Is Any One Crime To Blame...

Dang, missed the window!

Here’s the post I made… it was under a thread about voting which had veered off into a racial issue and I became interested in any truth behind it and started to analyze and look stuff up.

Not to mention increasingly fat. I think we’re just 110% now.

Really? I think you’d find that, in most of the US, a car is an absolute necessity if you wish to get to your $10/hour job.

It certainly is where I live (a place where, I might add, $10/hour is considered doing exceptionally well). On balance, I have to say it’s a group of folks who aren’t particularly criminally inclined…which almost certainly exacerbates their poverty.

I think I have to go with the harsh minimum sentencing laws on this one. Before I got the heck out of Dallas, every criminal jury panel I sat on involved a “third-strike” defendant. One of them, apparently, committed his aggravated assault with a cocktail fork. I don’t know how serious the assault really was (I didn’t get picked for the jury), but he was going down hard regardless (let’s face it, his conviction in a Texas court was practically a foregone conclusion).

I’ll leave it to others to argue whether that’s a good thing or a bad thing. I was just annoyed that, as a prospective juror, the sentencing was pretty much out of my hands (and the judge’s, for that matter).

The attitude likely comes from the environment in which the person is raised. If you live in an area where only some people have high school educations, and practically nobody has a college education, how are you supposed to develop the motivation and desire to go off to college? All kids look up to some role model, and if that role model is someone who lives by their wits, you are inclined to grow up thinking that’s the way to get by. Especially if the gang-bangers are the flashy guys with the “bling” who provide the most tangible example of wealth in that environment.

Ivy league? You might as well be talking about going to Mars.

(Obviously, there are exceptions. I bet that those exceptions can point to some outstanding individual in their midst who showed them a better way. It is very hard to learn certain behaviors, or adopt a certain mindset, if you don’t have an example to follow)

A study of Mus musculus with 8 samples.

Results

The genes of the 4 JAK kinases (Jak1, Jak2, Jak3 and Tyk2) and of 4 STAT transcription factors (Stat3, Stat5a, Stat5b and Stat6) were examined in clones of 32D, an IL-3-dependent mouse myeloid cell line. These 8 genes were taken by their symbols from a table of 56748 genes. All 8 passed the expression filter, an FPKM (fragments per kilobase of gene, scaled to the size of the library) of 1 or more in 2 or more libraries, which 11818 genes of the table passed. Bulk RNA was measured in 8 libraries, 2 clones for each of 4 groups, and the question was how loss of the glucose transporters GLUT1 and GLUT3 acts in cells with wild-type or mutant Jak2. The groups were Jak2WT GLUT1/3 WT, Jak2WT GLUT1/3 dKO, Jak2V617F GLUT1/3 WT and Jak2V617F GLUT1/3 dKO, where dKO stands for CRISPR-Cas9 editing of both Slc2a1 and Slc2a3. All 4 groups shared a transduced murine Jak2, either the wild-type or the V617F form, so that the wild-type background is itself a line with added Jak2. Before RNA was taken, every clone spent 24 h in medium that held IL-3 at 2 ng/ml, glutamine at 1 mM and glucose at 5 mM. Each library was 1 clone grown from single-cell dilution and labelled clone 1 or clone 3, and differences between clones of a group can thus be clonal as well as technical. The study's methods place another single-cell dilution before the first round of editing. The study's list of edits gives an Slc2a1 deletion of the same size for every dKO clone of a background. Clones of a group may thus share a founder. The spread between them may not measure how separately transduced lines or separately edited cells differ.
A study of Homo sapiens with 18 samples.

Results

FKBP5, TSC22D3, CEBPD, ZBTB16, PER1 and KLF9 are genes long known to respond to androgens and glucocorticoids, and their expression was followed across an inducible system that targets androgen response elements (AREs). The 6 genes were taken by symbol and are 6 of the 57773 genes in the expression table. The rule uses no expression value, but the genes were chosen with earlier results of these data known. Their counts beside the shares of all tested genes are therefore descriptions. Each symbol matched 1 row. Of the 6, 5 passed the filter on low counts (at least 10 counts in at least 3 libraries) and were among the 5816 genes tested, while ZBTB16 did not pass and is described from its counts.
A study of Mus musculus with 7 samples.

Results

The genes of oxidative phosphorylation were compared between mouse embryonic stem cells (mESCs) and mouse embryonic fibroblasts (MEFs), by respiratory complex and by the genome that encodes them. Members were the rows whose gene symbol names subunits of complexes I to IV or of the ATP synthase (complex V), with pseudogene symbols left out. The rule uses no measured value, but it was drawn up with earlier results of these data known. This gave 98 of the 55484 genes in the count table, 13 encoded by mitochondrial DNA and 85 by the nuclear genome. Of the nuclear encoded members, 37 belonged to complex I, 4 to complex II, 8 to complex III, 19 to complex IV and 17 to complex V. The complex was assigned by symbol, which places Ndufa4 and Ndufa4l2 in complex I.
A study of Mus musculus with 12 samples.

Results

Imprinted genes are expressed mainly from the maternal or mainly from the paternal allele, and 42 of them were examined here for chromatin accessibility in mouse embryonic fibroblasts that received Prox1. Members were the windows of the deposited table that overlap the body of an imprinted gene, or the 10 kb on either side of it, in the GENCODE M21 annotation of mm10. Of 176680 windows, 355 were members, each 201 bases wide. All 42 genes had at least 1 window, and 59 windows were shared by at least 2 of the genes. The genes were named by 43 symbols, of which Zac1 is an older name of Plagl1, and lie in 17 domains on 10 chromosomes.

You’re right that teachers can’t be responsible for the motivation of their kids. But that’s the point - it’s the totality of the environment (i.e. gangs on the streets, gunshots and sirens at night, unpredictable amenities and living conditions, et al.) that impacts a kids’ desire to get a good education. If you live in an impoverished area, there are all sorts of conditions that make it harder for you to study and learn that those who live better never even have to consider.

We aren’t talking about living in dirty neighborhoods. We are talking about living in impoverished neighborhoods. Sure, they correlate. But the presence of trash or weeds isn’t causing the crime. Rather, it’s a symptom of the conditions that can lead to criminal behavior.

There are “food deserts” in the U.S. where people don’t have access to fresh fruits and vegetables. Being poor often makes access to transportation suspect. And even if the person is near a supermarket, the ones in poor areas tend to be rundown and unpleasant. The choices are limited.

Far be it for me to be the spokesperson for the “Liberal attitudes and policies”, but I don’t think programs designed to help the poor reflect an attitude that poor people “can’t help themselves” as much as “everyone in society - from poor to wealthy - are entitled to the benefits of our infrastructure.” The same way that an entrepreneur may seek out an SBA loan, or a first time home buyer may take out an FHA mortgage, so too should a poor person be able to get income or food assistance if they need and qualify for it. In each case, the nation as a whole is making an investment in an individual because, in the long run, it betters the entire country for that individual to be better off than they were before.

Lately, they’re also likely to be kind of nice supermercados with a pretty good (certainly interesting) produce selection. Or Wal Mart, with the usual run of boring fruits and vegetables. It’s difficult to generalize. I admit that I don’t know the current inner-city situation.

It seems clear to me that anybody who gripes about excessive government largesse has never tried to squeeze any money out of the “welfare state.” In ain’t easy and, if you’re under 65, childless, and not demonstrably disabled (i.e. you can’t afford to see a doctor), there’s little, if any, help available in the first place.

I think that many people have been mixed-race since long before “these days.” What’s new is that many data collection systems (such as the census), have only recently begun to allow for two or more races to be identified for an individual.

There are very few Wal-Marts in the inner city. If you’re lucky, you’ve got a Save-a-Lot. If you’re not so lucky, you’ve got a corner convenience mart that has milk, bread, cigarettes, and malt liquor, and the milk and bread are about two weeks past date.

Its life here actually. 21 is the maximum time before burden of proof that you are still dangerous/not dangerous switches to the prosecution.